The best way to get the point across is to write it down, whether it is an email, a letter, or a diary page. Authors take full advantage of this with their descriptive language, hiding words of meaning in a story for people to better understand their views.
For example, last week’s Quill Inker’s blog post was a narrative I had written about warfare. I have never been a fan of war, and it’s ironic that I’ve written so many stories about it. Never would I condone warfare, and I would hate to see another world war for myself or the future generations of my family and friends, particularly with technology just adding to the horrid possibilities. It is why, in the narrative I wrote, that I wanted people to be afraid of this happening, afraid of people getting hurt.
It is made clear towards the end of the story, when the reader is already experiencing an emotional response for the mother listening to the warfare in her home, bringing a bigger, moral question to mind – why?
Propaganda through media hits home with this idea that the written word is more powerful than a film or cartoon. Satirical satire exists in an entertaining but concerned matter, but only work in the short term. Written words allow people to evoke an emotional response which is much more personal than seeing images move on the ‘big screen’. It is speeches which rallied people together, written in a personal fashion, to bring forward ideals that may or may not better a country. For example, a positive outcome could be Martin Luther King’s ‘I Have A Dream’ speech which helped surge the 1960s Civil Rights Movement. On the other hand, we have Adolf Hitler, who through the power of words and speech convinced a nation to warp their morals and idea of nationalism, inevitably committing one of the most horrific yet greatest acts of genocide in history (once again, I am no fan of Hitler, please do not be offended by my terminology).
Recently, words have become a bit more politically manipulated to push forward ideals – the term ‘gender’ and ‘sex’ now has two different meanings due to ‘gender identity’. What I now see as ‘sex’ is the biology of a human, whereas ‘gender’ is a bit more flexible with how one ‘identifies’. You cannot change the sex without medical procedure and lots of hormones, but you can change gender when you see fit. It is through this example that we can assume that morals have the power to change words.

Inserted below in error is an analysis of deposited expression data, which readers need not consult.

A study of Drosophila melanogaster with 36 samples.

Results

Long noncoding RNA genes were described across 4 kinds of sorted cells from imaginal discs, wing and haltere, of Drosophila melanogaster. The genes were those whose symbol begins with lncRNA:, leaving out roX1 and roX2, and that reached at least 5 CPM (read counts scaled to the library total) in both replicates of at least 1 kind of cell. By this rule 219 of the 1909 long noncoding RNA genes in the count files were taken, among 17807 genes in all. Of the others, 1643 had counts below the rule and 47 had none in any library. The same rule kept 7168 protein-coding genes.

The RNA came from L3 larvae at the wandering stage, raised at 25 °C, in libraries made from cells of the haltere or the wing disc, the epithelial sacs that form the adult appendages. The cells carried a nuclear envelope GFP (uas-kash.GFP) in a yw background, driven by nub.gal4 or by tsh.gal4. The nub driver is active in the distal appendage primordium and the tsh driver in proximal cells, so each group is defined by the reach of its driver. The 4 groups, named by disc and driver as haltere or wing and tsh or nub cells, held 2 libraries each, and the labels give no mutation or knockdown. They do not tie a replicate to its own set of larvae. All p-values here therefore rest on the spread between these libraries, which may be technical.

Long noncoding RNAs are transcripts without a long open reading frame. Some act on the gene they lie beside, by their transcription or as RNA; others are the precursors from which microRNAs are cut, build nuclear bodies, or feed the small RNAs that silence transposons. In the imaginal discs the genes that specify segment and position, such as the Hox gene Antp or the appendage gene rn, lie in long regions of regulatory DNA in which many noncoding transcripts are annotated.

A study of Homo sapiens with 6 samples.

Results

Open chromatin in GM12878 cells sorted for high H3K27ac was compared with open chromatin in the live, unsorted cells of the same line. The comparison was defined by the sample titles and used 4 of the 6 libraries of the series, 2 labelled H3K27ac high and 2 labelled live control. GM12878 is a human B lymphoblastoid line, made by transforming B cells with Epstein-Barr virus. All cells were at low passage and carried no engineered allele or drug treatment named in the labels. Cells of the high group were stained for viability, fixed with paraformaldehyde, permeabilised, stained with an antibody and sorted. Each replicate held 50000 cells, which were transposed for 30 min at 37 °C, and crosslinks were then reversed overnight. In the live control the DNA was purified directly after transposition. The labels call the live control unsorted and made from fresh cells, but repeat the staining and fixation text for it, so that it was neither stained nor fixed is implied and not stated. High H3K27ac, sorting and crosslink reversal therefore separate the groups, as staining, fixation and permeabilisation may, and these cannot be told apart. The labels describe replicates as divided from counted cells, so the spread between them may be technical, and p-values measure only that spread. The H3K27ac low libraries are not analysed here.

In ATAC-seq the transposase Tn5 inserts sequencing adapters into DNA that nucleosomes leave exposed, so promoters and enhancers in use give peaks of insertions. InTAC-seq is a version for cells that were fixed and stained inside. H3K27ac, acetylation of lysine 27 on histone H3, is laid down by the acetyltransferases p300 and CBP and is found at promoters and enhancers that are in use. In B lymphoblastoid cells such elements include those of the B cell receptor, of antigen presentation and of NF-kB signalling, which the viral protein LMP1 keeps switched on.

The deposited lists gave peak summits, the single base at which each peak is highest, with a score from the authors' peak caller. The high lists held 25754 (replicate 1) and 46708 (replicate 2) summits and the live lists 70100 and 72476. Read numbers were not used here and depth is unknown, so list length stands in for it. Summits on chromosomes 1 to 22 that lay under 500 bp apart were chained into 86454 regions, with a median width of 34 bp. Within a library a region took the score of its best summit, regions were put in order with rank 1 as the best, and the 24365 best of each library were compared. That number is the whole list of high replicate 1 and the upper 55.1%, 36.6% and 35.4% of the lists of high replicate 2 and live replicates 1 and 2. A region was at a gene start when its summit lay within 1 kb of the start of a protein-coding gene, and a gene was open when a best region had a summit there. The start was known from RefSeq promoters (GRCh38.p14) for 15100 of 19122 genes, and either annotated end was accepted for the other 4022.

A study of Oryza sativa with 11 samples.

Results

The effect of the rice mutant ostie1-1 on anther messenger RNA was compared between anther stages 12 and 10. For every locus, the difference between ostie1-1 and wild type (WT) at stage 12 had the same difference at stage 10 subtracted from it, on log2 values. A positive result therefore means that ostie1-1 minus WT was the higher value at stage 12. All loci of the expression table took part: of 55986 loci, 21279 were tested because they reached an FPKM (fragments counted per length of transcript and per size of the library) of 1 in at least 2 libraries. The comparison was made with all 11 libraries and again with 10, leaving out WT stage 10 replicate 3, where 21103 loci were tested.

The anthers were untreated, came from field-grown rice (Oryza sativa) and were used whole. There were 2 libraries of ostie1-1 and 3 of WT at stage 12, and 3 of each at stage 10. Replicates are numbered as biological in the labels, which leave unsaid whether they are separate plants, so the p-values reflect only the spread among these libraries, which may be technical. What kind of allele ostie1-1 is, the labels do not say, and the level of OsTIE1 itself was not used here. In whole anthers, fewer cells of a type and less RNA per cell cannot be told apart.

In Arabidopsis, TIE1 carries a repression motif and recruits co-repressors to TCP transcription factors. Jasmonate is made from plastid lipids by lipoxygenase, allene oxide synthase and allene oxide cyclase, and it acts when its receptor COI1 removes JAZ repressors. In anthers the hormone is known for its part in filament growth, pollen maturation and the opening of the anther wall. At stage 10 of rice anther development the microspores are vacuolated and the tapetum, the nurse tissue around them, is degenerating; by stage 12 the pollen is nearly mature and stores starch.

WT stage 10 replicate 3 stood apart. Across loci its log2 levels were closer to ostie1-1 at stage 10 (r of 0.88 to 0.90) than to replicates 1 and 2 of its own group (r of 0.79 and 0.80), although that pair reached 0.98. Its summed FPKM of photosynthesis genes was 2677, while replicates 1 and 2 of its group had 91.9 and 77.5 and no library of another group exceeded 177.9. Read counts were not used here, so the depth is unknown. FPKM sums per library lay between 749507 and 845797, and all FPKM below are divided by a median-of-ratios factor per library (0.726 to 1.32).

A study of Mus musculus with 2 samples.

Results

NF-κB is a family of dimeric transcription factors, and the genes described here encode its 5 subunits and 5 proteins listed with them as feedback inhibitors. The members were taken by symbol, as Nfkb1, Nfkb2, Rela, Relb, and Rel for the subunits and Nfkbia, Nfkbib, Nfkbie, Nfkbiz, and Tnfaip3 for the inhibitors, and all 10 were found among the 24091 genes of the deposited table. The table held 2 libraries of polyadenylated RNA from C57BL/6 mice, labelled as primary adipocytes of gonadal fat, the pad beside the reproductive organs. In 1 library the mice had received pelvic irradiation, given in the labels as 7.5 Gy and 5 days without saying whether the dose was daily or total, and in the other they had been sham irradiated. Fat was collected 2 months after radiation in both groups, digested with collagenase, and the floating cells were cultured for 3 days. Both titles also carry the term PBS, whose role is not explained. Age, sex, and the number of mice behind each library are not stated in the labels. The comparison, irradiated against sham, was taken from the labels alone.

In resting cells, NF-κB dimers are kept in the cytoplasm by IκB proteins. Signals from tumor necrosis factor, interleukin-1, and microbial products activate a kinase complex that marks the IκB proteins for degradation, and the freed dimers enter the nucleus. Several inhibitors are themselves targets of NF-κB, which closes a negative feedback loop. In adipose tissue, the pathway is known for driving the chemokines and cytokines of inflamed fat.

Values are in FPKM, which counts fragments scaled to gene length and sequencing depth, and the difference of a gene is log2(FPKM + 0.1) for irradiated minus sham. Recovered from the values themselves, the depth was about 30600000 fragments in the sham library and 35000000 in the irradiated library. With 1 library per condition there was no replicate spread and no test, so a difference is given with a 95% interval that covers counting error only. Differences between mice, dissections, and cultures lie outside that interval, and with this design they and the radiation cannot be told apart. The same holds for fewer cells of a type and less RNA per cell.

Each person has different morals, that is true. Narratives allow each individual to express these in a non-threatening environment – sure, critics and audiences may not agree, but the author got their word out to plant the seeds that may show readers a new perspective to explore. For one, 24/7 (2001) by Jim Brown is one of my favourite childhood reads (albeit it is not targeted for children at all). It was the first time I was ever exposed to men as a threat rather than just a romantic option for me to consider. There were worse things than death, and I learnt that people don’t always fight to survive but hurry to get the one thing they were denied, sometimes at the cost of others. Jim Brown made me realise that humans are far more corrupted than what usual childhood books and movies show. Sure, we had Disney villains, but nothing hits you as hard as reading the characters panic and struggle.
Therefore, morals and narratives are stuck in a loop. Morals not only can change the terminology of certain words as we move forward with time and understanding, but narratives can also portray the true meaning of an individual’s morals.